Mary Beth Wusk

Enjoy What You Are Doing…

I have always been captivated with NASA and everything it represents. To work at NASA is to be part of a team of people who love technology and believe in improving the future. It provides an opportunity to foster new and creative ideas to make a difference in people’s lives. Growing up in a small town in Virginia’s Shenandoah Valley, the daughter of an educator and a social worker, I never imagined my path would lead me to where I am today. My parents provided me a wide range of opportunities to help me find my passion. But most importantly, they drove home the idea that you have to enjoy what you are doing to do it well.

I enjoy being part of a team. Throughout high school I played sports year round and continued to play intercollegiate volleyball. Sports can teach you so much about working together, pulling on people’s strengths, and dealing with failure as well as accomplishments.

I enjoy challenges. Nothing is more exciting to me than brain storming solutions to a problem that doesn’t have a known answer. The process of wading through the facts, evaluating available resources, designing new concepts and testing the end product to deliver new and innovative solutions is invigorating to me. It’s like reading a book and you don’t know what the next chapter will bring.

I enjoy getting to know people. Everyone brings something unique to the table as we all have different perspectives, experiences and ideas. Getting to know the people you work with not only can lead to lifetime friendships but it can also be that support you need to see you through stressful times at work. There have been many times when I have leaned on my teammates to help me through challenging times at work and I try reciprocating whenever possible. It is important to remember it is not always about the destination, rather the journey and more importantly the people with whom we share that journey.

I enjoy working partnerships with other organizations. From being a flight crew member on research aircraft for numerous cockpit/air traffic control/advanced warning system technologies, to partnering with CNES (the French space agency), to launching an earth observing satellite to monitor the atmosphere, to testing new suborbital launch vehicles with private industry, I have had the opportunity to team with the best and brightest across the globe. Each experience brings new challenges and new opportunities.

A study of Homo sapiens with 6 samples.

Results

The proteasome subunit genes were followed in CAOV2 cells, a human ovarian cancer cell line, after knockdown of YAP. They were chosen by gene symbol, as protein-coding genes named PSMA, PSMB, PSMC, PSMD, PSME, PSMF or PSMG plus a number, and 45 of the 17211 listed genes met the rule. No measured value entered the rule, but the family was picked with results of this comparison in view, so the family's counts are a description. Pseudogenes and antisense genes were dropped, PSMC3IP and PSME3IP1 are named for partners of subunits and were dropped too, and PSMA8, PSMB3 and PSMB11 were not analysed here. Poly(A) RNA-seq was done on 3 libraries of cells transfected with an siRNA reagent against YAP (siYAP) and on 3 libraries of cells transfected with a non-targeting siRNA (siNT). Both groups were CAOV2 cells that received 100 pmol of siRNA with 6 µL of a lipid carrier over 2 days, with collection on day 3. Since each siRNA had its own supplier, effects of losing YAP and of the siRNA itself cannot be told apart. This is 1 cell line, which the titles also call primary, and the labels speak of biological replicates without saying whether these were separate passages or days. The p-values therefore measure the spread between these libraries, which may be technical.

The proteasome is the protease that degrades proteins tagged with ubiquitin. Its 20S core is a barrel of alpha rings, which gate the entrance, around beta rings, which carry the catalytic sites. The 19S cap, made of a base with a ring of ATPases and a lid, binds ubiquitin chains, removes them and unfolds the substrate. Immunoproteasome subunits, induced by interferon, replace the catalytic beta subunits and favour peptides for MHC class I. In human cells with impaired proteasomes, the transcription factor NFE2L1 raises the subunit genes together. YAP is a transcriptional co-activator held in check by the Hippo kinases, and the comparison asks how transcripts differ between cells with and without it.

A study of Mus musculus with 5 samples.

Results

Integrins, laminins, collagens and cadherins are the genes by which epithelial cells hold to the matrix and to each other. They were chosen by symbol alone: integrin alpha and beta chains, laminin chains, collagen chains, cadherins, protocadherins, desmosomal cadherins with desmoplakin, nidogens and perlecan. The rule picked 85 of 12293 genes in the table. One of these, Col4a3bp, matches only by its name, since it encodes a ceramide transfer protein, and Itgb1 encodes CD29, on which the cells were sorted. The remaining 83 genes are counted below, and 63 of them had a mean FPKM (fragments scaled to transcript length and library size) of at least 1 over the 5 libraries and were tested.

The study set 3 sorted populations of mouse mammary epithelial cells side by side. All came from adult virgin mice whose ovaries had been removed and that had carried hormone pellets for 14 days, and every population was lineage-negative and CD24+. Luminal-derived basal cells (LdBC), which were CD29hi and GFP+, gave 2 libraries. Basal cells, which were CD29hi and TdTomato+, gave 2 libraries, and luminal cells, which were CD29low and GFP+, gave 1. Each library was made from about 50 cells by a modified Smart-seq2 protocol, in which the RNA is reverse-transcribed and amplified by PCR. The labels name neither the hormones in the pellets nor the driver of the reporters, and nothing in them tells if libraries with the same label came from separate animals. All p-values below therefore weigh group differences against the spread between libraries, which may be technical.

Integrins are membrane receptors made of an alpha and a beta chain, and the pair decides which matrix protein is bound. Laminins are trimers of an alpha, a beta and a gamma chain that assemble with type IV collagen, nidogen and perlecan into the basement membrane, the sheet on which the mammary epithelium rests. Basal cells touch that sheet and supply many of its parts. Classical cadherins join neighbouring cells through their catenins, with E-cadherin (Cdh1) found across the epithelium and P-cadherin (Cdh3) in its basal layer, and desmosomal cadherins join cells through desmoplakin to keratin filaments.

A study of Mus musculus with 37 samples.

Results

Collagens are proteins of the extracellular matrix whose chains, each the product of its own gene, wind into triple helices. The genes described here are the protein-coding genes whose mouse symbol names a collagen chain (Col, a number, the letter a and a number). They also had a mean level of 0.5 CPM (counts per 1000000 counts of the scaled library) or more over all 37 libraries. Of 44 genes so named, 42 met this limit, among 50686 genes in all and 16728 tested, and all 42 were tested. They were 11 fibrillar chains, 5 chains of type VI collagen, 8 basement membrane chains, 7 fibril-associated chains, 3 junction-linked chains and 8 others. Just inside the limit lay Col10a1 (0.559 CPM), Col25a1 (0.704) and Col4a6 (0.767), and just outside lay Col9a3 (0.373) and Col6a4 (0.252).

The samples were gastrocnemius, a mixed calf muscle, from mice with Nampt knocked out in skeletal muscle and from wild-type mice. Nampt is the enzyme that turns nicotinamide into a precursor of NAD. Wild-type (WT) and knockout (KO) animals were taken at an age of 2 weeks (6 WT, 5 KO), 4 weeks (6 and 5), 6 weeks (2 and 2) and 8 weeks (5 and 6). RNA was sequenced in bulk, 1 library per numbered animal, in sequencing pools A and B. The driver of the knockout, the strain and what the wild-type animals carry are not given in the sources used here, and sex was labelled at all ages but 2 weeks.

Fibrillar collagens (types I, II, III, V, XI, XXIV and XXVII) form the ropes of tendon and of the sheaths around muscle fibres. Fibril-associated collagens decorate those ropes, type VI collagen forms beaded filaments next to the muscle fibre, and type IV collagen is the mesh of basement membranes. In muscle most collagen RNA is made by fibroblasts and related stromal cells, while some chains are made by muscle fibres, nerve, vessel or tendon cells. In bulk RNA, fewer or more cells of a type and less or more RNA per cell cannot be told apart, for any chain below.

I enjoy working with students. Starting as a NASA intern myself in 1989, my co-workers, management, and center leadership have provided me with countless opportunities to learn and grow as an engineer, a manager, and a leader. Sharing those experiences, both successes and failures, and involving students with the exciting work we are doing at NASA is truly a highlight of my job. I want to be that person who makes students excited about working for NASA, not just by talking about the great work we’ve done but by having them actively participate in the technology development for what we still need to do.

Team work, challenges, people, partnerships, mentorship… I am definitely enjoying what I do!

Photo of Mary Beth


Mary Elizabeth (Mary Beth) Wusk started at NASA Langley as a summer intern in 1989. She began working in aircraft instrumentation and continued developing her career working on not only research aircraft, but also earth observing satellites, sub-orbital launch vehicles and multiple sounding rocket programs. With her background in physics and electrical engineering, she has supported and led teams that delivered ground and flight hardware systems. Mary Beth now uses her technology development background in NASA’s Game Changing Development Program Office where she is helping project managers across NASA develop and incorporate technology. One of Mary Beth’s passions is encouraging student participation in NASA’s many missions, especially in hands-on projects. She enjoys spending time with her husband and three children, all of whom are actively involved in science, technology, engineering and mathematics.